Dipped myself in a future night
like a long-armed candle-maker
Came back too gross for love
Useless as I seem in my coat of greed
I will have an unborn woman
when I am only print
–Leonard Cohen, A Future Night
I don’t have a Bucket List. Sure, there are an infinite number of things I hope to, long to, don’t-even-know-yet-that-I-want-to do, and a finite amount of resources — time being the slipperiest — with which to do it all, so I see how a list could help the To-Do types stay focused and feel accomplished along this strange meandering trip. Personally, I’m disorganized all around and cynical at the edges with no desire to aim at the unattainable, and no room for disappointment, so the whole thing starts disintegrating.
That is until I had my Leonard Cohen tickets; I realized then that secretly, tucked away in the recesses of my mind, I do have a silent Bucket List, and seeing Leonard Cohen live is on it.
As a Montrealer, a painful romantic, a lit-nerd, a poet, Leonard Cohen is my Patron Saint. As a woman, he’s an embodiement of all that is sexy about writers, slow speaking, passionate over-thinkers trying to outrun death on love’s wings. The perfect dirty old man, long before he was old. His story is an unlikely one: privileged Westmount boy turned writer, eventual musician, ordained Buddhist monk, heart always emblazoned on his sleeve. It’s hard to imagine him as anything other than he is now, near impossible to imagine him among Montreal snowflakes and dark streets in the anonymity of his youth. As it should be, the journey is the texture of his art, part of the magic of his legend.
I remember plainly the first time that I heard Suzanne; I don’t know that it was the actual first time, but that afternoon amid crates of vinyl, I remember feeling that song strike me, strike a chord that at 17 I was certain I only half understood. In light of the impetuous arrogance of adolescence, that very thought was one of humility.
If LC were to go L.Ron Hubbard, I would sign right up.
Standing in the first really good chill of the season, waiting for the doors to open, I’m giddy. So much so that before we’re even inside, I’ve had to talk myself out of buying an LC fedora for $20 off a hawker, and am pleased with my responsible decision of only bringing some money. Because I want to buy the shit out of this moment: I want to wear it, drink it, touch it in my pocket later, hang it on my wall, and Cohen’s merch people knew it. Coffee mugs, tote bags, embossed Moleskins, cuff links, it was a formidable display of some of the most creative merch I’ve ever seen. And while we’re talking big ticket items, it seems that the Bell Centre has a 3rd beer size for some events, and yes, a 15$ plastic cup o’beer does do the job better than it’s cheaper counterparts. Yowzas; and the show hasn’t even started yet.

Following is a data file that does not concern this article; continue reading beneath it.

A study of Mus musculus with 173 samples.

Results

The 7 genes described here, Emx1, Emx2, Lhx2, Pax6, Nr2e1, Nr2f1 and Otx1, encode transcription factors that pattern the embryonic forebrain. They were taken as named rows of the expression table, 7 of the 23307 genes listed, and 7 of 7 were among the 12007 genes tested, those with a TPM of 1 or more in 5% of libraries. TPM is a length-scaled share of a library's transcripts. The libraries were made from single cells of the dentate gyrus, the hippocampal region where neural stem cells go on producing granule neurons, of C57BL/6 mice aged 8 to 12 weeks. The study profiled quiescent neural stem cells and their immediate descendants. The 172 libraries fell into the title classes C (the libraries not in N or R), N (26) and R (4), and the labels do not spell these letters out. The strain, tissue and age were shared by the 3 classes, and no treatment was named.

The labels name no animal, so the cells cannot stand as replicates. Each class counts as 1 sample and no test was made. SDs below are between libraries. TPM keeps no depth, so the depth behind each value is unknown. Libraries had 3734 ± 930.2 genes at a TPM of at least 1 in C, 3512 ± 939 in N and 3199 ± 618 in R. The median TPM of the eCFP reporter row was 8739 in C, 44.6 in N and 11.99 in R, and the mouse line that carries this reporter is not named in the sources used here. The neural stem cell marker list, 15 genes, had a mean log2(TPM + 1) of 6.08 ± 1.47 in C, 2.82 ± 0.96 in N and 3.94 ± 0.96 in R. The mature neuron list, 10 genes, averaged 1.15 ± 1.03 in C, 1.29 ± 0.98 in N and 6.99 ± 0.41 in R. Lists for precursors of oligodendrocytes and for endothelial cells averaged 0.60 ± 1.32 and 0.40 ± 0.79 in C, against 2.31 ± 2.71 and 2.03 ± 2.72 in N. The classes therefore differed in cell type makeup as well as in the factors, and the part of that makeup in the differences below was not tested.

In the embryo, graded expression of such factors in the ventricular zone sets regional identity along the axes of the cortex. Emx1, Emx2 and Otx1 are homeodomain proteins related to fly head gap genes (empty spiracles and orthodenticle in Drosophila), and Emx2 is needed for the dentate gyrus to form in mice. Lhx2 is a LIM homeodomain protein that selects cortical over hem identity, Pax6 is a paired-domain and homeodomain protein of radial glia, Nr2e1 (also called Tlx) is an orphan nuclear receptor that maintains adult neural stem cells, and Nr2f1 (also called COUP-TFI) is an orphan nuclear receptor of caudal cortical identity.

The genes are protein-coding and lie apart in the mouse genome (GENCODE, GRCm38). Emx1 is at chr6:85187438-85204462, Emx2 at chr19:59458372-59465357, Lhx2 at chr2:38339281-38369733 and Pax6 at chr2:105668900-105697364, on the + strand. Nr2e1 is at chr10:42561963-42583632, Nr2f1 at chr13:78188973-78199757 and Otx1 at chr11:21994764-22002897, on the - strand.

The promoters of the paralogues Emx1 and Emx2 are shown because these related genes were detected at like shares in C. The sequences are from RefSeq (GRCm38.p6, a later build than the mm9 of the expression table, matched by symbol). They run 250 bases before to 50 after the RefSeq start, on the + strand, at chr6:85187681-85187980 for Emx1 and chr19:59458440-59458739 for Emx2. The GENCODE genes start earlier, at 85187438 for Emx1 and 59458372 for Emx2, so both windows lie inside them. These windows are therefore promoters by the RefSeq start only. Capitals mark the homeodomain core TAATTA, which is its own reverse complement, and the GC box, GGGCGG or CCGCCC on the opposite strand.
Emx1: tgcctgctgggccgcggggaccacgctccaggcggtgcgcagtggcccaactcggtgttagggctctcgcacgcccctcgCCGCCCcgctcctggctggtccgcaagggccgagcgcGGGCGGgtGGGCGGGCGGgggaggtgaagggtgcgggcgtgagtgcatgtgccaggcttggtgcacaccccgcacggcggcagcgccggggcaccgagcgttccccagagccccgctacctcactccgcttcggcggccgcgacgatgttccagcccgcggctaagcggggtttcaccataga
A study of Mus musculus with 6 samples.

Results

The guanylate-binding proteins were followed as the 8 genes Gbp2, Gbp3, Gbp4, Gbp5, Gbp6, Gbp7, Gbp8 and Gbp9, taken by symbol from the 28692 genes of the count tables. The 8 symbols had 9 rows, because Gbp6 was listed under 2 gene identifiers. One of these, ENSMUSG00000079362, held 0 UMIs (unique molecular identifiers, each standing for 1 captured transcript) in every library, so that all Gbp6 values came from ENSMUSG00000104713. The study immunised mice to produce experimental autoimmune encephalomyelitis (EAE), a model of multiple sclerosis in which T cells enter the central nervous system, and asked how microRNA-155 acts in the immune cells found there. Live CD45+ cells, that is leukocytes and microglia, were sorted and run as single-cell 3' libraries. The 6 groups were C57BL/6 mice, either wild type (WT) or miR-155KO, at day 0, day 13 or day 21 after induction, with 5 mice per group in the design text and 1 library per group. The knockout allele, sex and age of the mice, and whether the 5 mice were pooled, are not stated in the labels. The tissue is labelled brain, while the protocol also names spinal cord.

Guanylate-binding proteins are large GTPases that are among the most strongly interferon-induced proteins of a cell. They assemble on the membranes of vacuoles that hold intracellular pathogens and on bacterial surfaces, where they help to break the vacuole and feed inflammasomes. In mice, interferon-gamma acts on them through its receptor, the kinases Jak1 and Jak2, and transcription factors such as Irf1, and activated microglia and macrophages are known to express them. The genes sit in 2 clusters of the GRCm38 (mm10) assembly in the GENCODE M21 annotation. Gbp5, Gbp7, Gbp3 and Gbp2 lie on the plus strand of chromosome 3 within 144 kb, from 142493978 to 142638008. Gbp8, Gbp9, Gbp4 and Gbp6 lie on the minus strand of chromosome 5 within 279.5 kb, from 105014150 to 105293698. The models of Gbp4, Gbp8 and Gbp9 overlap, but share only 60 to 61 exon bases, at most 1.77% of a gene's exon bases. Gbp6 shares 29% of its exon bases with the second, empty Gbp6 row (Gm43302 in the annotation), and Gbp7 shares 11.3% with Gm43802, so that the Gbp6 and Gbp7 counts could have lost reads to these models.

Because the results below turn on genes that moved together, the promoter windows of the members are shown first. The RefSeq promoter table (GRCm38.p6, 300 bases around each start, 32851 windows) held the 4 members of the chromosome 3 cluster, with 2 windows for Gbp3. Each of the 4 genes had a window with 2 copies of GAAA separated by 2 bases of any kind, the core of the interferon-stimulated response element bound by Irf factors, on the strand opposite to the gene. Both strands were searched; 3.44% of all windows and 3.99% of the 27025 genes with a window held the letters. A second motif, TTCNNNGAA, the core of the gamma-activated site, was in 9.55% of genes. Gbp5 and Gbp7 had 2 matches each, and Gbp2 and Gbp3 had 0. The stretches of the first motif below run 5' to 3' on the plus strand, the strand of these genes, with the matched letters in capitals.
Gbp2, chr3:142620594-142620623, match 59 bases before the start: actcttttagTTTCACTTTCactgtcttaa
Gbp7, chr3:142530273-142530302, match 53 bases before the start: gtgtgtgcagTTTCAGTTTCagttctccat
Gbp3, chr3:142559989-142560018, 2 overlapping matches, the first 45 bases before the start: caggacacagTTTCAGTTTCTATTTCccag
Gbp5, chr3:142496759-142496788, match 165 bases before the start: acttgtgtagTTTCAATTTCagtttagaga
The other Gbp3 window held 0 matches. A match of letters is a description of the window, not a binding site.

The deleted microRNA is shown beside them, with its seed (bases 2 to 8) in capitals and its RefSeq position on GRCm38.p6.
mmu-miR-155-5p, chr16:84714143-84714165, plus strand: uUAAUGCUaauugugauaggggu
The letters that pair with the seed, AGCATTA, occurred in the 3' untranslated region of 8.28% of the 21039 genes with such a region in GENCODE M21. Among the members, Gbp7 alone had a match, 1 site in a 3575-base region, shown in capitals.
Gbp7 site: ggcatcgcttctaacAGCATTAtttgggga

No opening band, no hype, just a well dressed shadow running jauntily to center stage, and at first I thought it couldn’t be him; 78 year olds don’t move that way, but blessedly, they can. We rose in the first of countless ovations, more than I’ve ever seen at one show, and appropriately so. There was enough standing and sitting to mistake it for a house of worship, a hushed reverence every time he opened his mouth. This was balanced, with whoops at all the right spots, right on cue as is I’m sure the standard. Frankly, it seems it was a near replica of the performance the night before according to review, with the addition of a french song that got yet another standing ovation. The replay doesn’t dull the shine for me one bit. In an age of few and crumbling tried and true living idols, it is all too rare that we get to properly bask. The woman next to me and myself both sand along periodically, thankfully in key with one another, but careful always to sing softly, a trend across the centre in which at times and against odds, you could’ve heard a pin drop.
Being the formidable Mr. Cohen, he can and does surround himself with world class musicians and from the Webb Sisters, to Javier Mas, the stage was literally jammed with soul and talent from end to end. It’s no surprise that I cried more than I ever have at a concert. I cry at smooshy commercials (thanks, Canadian Tire) and this was so much bigger than that. I kept reminding myself to breathe, appropriate in the presence of this monk who fell to his knees with the ease and frequency of a man as intimate with his yoga mat as with bare souled surrender and devotion under the beautiful weight of the stars. May we all grow limber and lusty with age.
It was a dream come true to feel the clear, dark, resonance of his voice in real time, to be part of the singularity of that show at that moment, the night he sang “I’ll examine every precious inch of you” and that he hadn’t “come home here to fool you”. The intimacy of concerts as a shared and singular event may be compared to the space shared with someone who catches your breath, like coffee and secrets till sunrise or a one night whirlwind. Which I guess makes touring like an endless string of one night stands in which there are no misunderstandings, which, for a poet like Leonard, is an ideal way to keep the ink flowing. A graceful, humble, stylish man in an ever present suit, a man who can dance the sultry tension between passion and death to the end of time. Easily.
Perhaps I will put that Bucket List together, after all.